The “halfword” Virtual Machine
The 64bit Erlang Virtual machine can host very large Erlang applications. However, the amount of memory consumed for an ordinary Erlang process is doubled compared to a 32bit virtual machine. Memory bandwidth is a bottleneck in modern computer environments, so wasting memory on 64bit heaps (with e.g. 128 bits consumed for every character in a string) is a problem. The halfword virtual machine addresses these problems for applications having vast amounts of data in ETS tables and binaries, but does not need more than 4GB of primary memory for regular Erlang processes – a class of applications that is quite common. Using the halfword virtual machine gets you the best of two worlds – even higher speed than with any of the ordinary virtual machines, but a huge memory address range for data stored in i.e. mnesia and ETS and as binaries.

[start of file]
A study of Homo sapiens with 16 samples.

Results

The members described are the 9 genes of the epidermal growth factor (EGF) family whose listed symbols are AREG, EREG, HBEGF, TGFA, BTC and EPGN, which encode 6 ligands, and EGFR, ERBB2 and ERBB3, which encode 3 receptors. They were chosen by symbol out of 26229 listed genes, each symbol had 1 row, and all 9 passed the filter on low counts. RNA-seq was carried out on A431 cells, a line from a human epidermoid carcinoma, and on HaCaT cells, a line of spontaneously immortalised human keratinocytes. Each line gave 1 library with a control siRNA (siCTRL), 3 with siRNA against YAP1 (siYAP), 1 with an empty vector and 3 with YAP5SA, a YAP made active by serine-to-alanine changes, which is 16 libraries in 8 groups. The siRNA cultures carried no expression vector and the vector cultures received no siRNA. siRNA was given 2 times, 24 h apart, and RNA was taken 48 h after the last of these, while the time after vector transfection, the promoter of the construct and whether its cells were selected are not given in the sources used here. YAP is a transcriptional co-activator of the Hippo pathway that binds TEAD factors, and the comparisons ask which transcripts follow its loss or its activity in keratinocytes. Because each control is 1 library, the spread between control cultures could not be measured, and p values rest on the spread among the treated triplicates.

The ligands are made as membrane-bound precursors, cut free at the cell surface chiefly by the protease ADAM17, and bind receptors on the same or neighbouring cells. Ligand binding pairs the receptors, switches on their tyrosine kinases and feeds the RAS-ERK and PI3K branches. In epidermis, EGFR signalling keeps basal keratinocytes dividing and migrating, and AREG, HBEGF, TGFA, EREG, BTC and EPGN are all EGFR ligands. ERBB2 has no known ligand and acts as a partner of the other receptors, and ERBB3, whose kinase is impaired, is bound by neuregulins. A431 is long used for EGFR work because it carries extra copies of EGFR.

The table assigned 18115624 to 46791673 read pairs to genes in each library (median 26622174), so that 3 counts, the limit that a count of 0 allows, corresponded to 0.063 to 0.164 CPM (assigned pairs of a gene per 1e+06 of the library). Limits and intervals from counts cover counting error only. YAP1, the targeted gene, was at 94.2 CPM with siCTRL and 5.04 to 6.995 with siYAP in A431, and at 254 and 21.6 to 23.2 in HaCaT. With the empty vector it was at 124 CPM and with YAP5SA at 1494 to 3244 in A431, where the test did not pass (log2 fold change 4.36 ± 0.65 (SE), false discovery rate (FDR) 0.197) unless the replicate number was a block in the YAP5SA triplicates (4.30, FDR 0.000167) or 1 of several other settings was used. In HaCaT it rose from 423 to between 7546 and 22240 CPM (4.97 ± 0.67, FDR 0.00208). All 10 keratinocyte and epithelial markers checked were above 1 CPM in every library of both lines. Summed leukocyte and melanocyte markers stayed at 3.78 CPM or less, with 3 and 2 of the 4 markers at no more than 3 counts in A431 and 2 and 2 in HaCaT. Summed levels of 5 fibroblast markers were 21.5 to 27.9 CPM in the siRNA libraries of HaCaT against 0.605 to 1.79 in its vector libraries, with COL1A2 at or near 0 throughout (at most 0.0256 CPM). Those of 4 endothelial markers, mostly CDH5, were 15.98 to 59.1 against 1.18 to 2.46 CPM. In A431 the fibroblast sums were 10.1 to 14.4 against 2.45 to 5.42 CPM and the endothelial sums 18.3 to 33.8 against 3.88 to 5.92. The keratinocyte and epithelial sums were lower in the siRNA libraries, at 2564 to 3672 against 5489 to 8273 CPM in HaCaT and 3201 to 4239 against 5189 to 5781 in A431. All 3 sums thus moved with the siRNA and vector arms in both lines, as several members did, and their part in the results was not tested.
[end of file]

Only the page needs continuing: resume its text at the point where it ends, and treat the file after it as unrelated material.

The linux halfword virtual machine has been in OTP since the R14B02 release, but few people know about it and ever consider using it, a fact that we want to change.
Talk objectives: To describe the halfword virtual machine, it’s inner workings and what you can gain from using it. A lot of applications would have use for it, but few people knows what this is and how it works.
Talk audience: Developers and people with a general interest in how the virtual machine works.
Patrik Nyblom Erlang VM developer and OTP team member
Patrik Nyblom has worked in the Ericsson OTP project developing the beam
virtual machine and Erlang core libraries for nearly fifteen years and is
the current team leader of the OTP virtual machine team.
His work includes, but is not limited to: Large parts of the ETS
implementation, the re module, unicode support, parts of the SMP support
and various ports to different operating systems.
Patrik also lectures from time to time at Stockholm University, mainly
regarding parallel programming and multi-core support.